Nearly two dozen women in DR Congo have come forward with allegations of sexual abuse by aid workers during an Ebola outbreak, adding to a scandal that broke last year, a report said on Wednesday.
Twenty-two women have said they were sexually exploited or abused, in acts that included alleged rape or led to unwanted pregnancies, by male aid workers responding to an Ebola crisis in eastern DR Congo, The New Humanitarian (TNH) and the Thomson Reuters Foundation said.
The men offered them jobs in exchange for sex, identifying themselves as working for major aid organisations.
Three of the seven organisations named are UN agencies, led by the World Health Organization (WHO), which features in 14 of the claims.
The allegations centre on Butembo, a major trading city and an epicentre of the 2018-2020 outbreak of Ebola that claimed 2,200 lives.
"One woman said she was raped by a man who said he was with the WHO, and reporters learned of three others who said they had become pregnant," the investigators said.
"One of those women died after a botched abortion as she tried to conceal the pregnancy from her husband and children, her sister said."
The gruelling fight to roll back the Ebola epidemic, the Democratic Republic of Congo's worst ever, has been tarred by allegations of sexual abuse by well-paid aid workers who flooded into the poor region.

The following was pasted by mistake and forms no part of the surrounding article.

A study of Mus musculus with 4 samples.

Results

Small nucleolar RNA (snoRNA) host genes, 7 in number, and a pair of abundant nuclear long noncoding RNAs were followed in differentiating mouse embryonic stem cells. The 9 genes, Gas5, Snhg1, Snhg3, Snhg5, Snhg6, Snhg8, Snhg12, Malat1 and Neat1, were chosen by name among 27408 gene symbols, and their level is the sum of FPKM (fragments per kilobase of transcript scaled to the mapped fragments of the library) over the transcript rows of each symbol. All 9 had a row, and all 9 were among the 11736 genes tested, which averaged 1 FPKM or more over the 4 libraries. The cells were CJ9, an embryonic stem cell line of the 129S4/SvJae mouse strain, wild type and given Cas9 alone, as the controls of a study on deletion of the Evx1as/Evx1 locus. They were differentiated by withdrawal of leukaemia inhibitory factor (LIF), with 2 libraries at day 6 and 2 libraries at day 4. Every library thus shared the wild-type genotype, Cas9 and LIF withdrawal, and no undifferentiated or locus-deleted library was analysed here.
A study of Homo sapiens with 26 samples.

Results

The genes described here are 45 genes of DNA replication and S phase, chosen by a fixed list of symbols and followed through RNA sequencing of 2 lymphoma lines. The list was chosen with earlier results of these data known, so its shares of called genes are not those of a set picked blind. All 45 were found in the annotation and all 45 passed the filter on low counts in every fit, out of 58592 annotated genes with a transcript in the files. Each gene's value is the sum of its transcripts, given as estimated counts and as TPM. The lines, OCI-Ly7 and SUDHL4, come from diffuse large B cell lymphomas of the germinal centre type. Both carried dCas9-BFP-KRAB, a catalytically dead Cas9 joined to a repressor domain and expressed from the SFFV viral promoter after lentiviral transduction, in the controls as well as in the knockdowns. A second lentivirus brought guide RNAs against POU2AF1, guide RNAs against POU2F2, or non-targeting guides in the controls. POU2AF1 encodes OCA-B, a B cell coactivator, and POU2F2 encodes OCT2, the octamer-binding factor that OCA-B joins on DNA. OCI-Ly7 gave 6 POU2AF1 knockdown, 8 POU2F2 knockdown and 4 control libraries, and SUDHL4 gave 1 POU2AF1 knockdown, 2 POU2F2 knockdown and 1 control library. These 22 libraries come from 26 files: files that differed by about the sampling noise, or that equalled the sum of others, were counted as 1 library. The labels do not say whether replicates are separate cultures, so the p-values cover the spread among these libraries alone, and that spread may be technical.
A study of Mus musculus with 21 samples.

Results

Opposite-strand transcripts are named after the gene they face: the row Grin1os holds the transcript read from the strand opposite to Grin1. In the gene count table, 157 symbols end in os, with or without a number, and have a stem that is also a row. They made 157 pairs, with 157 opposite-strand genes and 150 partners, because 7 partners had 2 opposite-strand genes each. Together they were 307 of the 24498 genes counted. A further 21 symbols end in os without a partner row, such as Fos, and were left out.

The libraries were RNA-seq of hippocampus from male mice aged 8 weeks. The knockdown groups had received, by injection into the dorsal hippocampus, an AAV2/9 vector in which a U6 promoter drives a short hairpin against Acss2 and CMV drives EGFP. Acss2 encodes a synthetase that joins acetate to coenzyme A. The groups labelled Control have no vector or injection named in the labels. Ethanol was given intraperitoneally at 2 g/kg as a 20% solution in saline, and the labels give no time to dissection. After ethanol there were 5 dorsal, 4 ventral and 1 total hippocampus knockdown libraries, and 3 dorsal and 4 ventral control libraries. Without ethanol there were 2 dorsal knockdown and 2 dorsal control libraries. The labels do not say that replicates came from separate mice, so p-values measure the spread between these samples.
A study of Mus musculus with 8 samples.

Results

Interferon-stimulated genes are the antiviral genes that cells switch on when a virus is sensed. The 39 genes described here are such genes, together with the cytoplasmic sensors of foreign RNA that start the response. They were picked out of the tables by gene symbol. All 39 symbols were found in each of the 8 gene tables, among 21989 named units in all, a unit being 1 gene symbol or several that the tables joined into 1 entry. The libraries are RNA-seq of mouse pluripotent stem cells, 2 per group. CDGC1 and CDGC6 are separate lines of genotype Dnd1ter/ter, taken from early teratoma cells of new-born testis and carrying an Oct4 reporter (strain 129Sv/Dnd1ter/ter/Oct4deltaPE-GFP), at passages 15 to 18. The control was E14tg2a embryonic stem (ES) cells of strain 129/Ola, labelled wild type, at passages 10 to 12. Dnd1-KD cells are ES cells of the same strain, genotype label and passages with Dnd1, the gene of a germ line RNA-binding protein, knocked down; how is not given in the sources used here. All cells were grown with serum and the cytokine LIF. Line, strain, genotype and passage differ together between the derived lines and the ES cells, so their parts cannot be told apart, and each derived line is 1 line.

An investigation last year by the TNH, a news agency that covers humanitarian crises, gathered testimony from 51 women who said they had suffered sexual exploitation in the neighbouring city of Beni.
The WHO, reacting to the latest accusations, said Wednesday it had identified two women in Butembo as "potentially having had sexually exploitative relationships with individuals" connected to the agency.
That information will be shared with an independent investigative commission set up last October, it said.
"(The) WHO is committed to taking prompt and robust action, including collaborating with relevant national authorities on criminal proceedings, in all cases where WHO staff may be found guilty of perpetrating (sexual exploitation and abuse)," the agency's spokeswoman Marcia Poole said.
The new report said sexual predators also claimed to work for the UN's International Organization for Migration; the UN's children's fund, Unicef; the International Rescue Committee (IRC); International Medical Corps (IMC); the Alliance for International Medical Action (ALIMA); and DRC's health ministry.
Most of the aid workers allegedly involved were Congolese, the report said.
A spokeswoman for the independent commission said the panel aimed to publish the results of its inquiry at the end of August.